President Barack Obama’s selection Monday of Princeton economist Alan B. Krueger to succeed Austan D. Goolsbee as chairman of the Council of Economic Advisers is no cause for optimism.
Krueger previously served as an assistant secretary of the Treasury under Secretary Timothy Geithner. Obama praised Krueger’s work during the first two years of his administration, and said his chief task in the new job will be to help develop policy recommendations to get the stagnating economy growing again.
Don’t expect any new ideas from Krueger. He was among the architects of economic stimulus failures such as the Cash for Clunkers program. As The Washington Examiner’s Conn Carroll has pointed out, the clunkers initiative destroyed half a million functioning automobiles as a means of providing automakers a short-term boost in sales.
Like all addictions, however, the clunkers fix soon wore off, leaving automakers with the same problem they had beforehand, a recessionary economy and policies in Washington almost certain to prolong the misery.
Krueger first came to public notice during the Clinton years when he co-authored a study seeking to disprove the common-sense economic truth that minimum wage increases make it more costly for employers to hire teenagers and other low-skilled workers, which means they hire fewer of them, thus driving up unemployment. Legions of liberal politicians and academics have endlessly quoted the Krueger study against critics of higher minimum wages. So don’t be surprised if sometime in the near future Obama endorses minimum wage increases as an incentive for job creation.
Krueger brings other novel arguments to the table as Obama’s new chief economic adviser. On energy policies, he is an advocate of the idea that the market prices of oil and natural gas do not reflect certain “externalities” that capture the social costs of using fossil fuels. In testimony before Congress last year, Krueger said “private market decisions can be inefficient when market prices do not reflect the full social costs. Oil and natural gas prices, for example, do not reflect the environmental harm caused by the release of greenhouse gases in the atmosphere associated with oil and gas production and consumption. In addition, the price of oil does not reflect the risks associated with U.S. oil dependency or the costs of traffic congestion. Tax provisions can address this problem by incorporating the social costs into the price of the resources.”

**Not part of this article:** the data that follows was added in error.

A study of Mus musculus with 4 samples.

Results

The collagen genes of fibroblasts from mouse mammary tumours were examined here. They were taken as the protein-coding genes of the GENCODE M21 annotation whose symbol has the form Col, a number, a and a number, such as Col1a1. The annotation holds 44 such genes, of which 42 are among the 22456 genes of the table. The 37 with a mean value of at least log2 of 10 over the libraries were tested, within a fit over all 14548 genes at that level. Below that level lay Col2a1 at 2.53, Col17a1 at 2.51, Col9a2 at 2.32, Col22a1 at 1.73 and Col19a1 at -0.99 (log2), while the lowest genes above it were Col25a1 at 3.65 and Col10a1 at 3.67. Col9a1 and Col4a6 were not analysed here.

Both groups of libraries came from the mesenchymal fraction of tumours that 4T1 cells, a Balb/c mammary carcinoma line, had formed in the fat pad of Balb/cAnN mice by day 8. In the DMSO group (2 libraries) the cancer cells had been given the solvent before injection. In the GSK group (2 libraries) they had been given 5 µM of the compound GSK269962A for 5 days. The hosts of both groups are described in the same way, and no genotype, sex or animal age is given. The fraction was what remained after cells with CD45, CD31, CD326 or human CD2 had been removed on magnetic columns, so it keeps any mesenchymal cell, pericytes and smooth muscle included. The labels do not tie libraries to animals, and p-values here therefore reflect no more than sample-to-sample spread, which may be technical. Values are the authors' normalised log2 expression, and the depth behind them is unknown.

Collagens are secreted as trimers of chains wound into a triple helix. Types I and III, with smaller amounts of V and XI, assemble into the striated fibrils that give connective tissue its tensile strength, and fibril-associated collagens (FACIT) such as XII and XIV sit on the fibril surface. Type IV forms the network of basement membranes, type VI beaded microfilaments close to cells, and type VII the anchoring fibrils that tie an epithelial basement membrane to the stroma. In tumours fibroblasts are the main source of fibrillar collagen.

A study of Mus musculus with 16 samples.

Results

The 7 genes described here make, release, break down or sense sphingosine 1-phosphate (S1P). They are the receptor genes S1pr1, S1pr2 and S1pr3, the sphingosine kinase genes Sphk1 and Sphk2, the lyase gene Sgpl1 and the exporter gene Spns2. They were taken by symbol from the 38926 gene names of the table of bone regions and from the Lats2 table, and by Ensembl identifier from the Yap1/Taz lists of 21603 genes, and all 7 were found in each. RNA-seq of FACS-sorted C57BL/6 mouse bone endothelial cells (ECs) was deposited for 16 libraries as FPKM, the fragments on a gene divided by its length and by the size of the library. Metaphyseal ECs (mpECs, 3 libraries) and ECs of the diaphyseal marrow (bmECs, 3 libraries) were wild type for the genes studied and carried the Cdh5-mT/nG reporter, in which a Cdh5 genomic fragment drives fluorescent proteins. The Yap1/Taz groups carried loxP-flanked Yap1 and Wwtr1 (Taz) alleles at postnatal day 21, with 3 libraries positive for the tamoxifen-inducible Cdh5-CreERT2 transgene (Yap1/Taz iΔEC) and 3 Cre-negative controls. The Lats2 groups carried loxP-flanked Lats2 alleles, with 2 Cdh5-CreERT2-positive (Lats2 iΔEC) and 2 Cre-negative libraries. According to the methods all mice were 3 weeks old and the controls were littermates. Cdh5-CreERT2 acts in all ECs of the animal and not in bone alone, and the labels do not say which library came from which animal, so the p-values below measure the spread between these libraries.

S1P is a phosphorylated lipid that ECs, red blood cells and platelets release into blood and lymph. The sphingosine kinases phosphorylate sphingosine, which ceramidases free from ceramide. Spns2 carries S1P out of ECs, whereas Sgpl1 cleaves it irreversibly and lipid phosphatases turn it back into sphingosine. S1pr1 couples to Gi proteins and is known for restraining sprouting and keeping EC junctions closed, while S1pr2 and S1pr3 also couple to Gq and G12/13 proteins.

We might take such analyses more seriously if their advocates were also willing to take into account the “externalities” associated with federal spending programs. For example, when assessing the $859 billion price tag of the stimulus program, we should also include the value of everything taxpayers would have bought with that money had they spent it themselves instead of having Washington’s professional politicians spend it for them.